Saturday, September 27, 2008

Just Desserts at the Downtown Community Court

Usually when a Downtown Eastsider walks into a courthouse, they expect to be served something other than jumbo chocolate chip cookies. But that's what they got this afternoon at the opening lunch of the new Community Court on Gore St. near Cordova, beside the Sunrise Market.

The Community Court, which began operating earlier this month and is modeled on one in New York City, will offer a quick, "integrated" response to people nabbed for petty crime in downtown Vancouver. There will be a welfare worker, a housing worker, a forensic psychiatrist, to name a few, in the court house to connect people pleading guilty with services that might help them. The idea is that helping people with some of their underlying problems such as being broke, addicted, homeless, might diminish their temptation to break into your car and mine. Sentences will often involve community service such as cleaning alleys or working in kitchens.

Today, sheriffs standing at the front door of the Community Court were calling out to people walking by on Gore St., "Come on in! Have a burger!" Inside the building, a corridor led past the closed door of a court room and on to an outdoor court yard. Some Downtown Eastsiders recognized it as the courtyard of the old pre-trail jail. Today, it was the site of a lunch catered by the Bread Garden: hamburgers with lettuce, onions, tomatoes, pickles, etc., hot dogs, potato salad, caesar salad with large croutons, bags of potato chips, cans of pop and bottles of water. For dessert, there were assorted fresh jumbo-size chocolate chip cookies with huge chunks of chocolate in them. There were other varieties of jumbo cookies too, like chocolate with almond slivers sprinkled on top.

The guy in the off-white suit and green shirt just left of center in the above photo is a judge in the Community Court. A guy walked up to him and said, "You look sober, you must be the judge." The judge laughed and said, "It's early in the day."

Photo above: Guests mingle in the outdoor court yard where the lunch was held inside the Community Court building.

Photo above: A sheriff in dress uniform stands at the back of the food line up in the outdoor courtyard.

Here a sheriff chats with people lined up for food. Early on, the crowd was made up largely of people who worked in the neighbourhood, with just a smattering of the low income population. But word soon got out that there was a free lunch at the community court -- somebody yelled it out at Main & Hastings -- and a crowd of poor people showed up. The food quickly ran out as they had catered for just 300.

Another Two Million Dollars from Michael Audain Can't Paper Over his Devaluing of Women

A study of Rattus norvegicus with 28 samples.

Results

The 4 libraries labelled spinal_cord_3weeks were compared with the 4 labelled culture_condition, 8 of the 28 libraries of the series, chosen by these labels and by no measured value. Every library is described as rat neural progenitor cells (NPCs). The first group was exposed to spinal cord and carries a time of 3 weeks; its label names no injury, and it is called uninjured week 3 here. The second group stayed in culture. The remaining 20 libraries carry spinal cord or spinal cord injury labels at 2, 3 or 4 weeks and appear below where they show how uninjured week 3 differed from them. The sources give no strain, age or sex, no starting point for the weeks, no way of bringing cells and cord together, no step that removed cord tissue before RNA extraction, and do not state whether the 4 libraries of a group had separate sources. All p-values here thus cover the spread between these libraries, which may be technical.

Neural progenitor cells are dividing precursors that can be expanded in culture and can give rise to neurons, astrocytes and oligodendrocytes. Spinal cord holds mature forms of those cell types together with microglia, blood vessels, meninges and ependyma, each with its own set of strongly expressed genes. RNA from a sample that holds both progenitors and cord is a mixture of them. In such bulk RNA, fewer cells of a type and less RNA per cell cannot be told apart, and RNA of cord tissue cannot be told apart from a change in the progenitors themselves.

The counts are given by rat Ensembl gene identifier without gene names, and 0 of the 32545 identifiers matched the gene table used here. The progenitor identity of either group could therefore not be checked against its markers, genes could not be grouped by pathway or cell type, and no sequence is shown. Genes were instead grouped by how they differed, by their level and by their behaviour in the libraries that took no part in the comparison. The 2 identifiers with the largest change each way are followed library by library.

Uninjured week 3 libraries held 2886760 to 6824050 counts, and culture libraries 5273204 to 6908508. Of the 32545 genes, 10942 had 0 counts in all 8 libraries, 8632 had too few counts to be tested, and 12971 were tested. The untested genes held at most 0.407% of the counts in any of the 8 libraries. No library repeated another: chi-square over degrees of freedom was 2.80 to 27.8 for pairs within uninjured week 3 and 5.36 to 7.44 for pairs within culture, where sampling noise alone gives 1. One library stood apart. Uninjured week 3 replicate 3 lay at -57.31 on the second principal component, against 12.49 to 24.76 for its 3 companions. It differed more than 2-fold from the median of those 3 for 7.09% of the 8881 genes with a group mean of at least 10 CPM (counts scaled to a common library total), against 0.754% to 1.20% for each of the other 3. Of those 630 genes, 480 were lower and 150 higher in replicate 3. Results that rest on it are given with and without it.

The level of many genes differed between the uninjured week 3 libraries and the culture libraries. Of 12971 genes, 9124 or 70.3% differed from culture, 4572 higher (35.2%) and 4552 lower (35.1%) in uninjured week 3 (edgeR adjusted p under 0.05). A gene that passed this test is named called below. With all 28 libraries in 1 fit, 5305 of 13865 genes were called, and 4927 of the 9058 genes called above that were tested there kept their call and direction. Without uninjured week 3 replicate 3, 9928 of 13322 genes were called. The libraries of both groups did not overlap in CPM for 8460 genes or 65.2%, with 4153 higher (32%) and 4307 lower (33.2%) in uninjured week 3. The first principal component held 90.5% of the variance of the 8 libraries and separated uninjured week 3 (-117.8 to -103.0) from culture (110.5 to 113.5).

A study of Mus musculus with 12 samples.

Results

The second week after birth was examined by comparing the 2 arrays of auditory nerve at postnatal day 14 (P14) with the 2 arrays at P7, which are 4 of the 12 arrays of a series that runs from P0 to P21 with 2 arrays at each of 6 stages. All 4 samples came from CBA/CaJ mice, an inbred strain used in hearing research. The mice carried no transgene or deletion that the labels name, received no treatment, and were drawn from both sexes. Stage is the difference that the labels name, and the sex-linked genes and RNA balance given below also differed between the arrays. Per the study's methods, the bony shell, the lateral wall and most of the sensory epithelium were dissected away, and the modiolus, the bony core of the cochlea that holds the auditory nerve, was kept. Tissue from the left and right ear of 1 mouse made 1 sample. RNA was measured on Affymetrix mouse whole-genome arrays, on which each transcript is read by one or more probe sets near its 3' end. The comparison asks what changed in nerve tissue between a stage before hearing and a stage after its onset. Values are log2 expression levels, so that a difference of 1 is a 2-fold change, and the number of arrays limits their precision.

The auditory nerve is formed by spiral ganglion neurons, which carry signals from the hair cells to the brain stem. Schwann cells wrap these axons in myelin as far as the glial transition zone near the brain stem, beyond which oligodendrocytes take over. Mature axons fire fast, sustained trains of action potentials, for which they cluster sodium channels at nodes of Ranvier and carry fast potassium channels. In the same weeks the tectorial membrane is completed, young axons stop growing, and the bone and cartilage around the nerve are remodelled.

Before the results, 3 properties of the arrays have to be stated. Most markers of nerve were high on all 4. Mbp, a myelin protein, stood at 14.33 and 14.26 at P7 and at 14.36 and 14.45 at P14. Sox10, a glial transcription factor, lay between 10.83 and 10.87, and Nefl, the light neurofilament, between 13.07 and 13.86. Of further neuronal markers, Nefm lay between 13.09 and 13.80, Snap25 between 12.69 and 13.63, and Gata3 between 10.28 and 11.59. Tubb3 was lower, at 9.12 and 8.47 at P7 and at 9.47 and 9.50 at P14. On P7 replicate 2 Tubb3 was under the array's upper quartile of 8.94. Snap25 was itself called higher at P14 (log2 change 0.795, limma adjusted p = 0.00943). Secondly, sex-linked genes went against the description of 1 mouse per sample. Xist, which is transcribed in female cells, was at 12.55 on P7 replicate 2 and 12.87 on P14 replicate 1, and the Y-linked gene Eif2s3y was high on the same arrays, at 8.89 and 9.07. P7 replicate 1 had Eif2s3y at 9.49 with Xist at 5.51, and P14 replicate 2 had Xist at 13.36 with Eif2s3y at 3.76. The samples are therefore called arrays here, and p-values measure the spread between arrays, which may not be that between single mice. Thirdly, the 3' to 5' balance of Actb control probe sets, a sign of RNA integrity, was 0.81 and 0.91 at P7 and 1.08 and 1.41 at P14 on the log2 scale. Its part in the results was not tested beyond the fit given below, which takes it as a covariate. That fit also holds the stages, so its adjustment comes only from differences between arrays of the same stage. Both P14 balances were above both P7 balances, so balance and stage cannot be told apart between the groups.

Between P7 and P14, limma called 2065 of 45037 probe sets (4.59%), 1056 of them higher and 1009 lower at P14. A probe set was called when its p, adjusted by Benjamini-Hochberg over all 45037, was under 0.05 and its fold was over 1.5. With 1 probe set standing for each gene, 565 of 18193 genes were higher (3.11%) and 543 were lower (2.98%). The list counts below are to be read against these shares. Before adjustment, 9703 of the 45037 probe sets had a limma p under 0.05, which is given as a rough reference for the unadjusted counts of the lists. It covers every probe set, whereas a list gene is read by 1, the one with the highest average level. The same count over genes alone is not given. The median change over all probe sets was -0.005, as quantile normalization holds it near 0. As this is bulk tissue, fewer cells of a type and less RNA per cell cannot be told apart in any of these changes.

Condo developer and philanthropist Michael Audain, ducking criticism for giving the Audain Lifetime Achievement Award to Jeff Wall who allegedly operated a sexual harassment ring while head of the Simon Fraser University Visual Arts Department, has given more money to a cause he has named after ....himself.

Audain has slapped down $2 million for The Audain Emerging Artists Aquisition Fund at the Vancouver Art Gallery. The Fund will allow the Art Gallery to purchase art works from British Columbia artists, 35 years old and under, considered promising.

Who would be considered promising? Young artists who spread their legs for Jeff Wall or his underling professors Greg Snider, or David McWilliam, and zipped their lips? To a survivor of advanced sexual harassment by both Wall and Snider at SFU, this is no joke: "I doubt Audain could afford to see an artist as promising if she's been talking about what went on at SFU. He and Wall are friends."

The survivor sees Kathleen Bartels, Director of the Vancouver Art Gallery, as part of the problem too. As long as Audain is throwing money at the VAG, Bartels seems willing to allow boys to be boys. Bartels allowed Audain, Chairman of the Vancouver Art Gallery Foundation, to hold a party on VAG premises to present Wall with his Lifetime Achievement Award while he remained uninvestigated for the sexual harassment ring he allegedly operated. Just two weeks ago, Bartels told the Globe & Mail, “If we only had five more Michael Audains, we'd be in a more significant place.”

"All I've asked for is an investigation", says a survivor, adding that it's difficult to get one when Audain and Bartels are essentially covering for Wall. Never once has Audain called for an investigation in the sexual harassment environment at the SFU Centre for the Contemporary Arts under Wall. [Audain also donated money to a Gallery to be named after himself at the soon-to-be-opened SFU Centre for the Contemporary Arts which has been accused of attempting to bury their sexual harassment history in the foundation, like the mafia buried the corpse of Jimmy Hoffa.] Bartels is certainly not in the dark about the allegations against Wall. A survivor briefed her assistant after she took the job as Director of the VAG.

Bottom line: All the money Audain throws at the new Audain Emerging Artists Acquisition Fund can't paper over his devaluing of young women.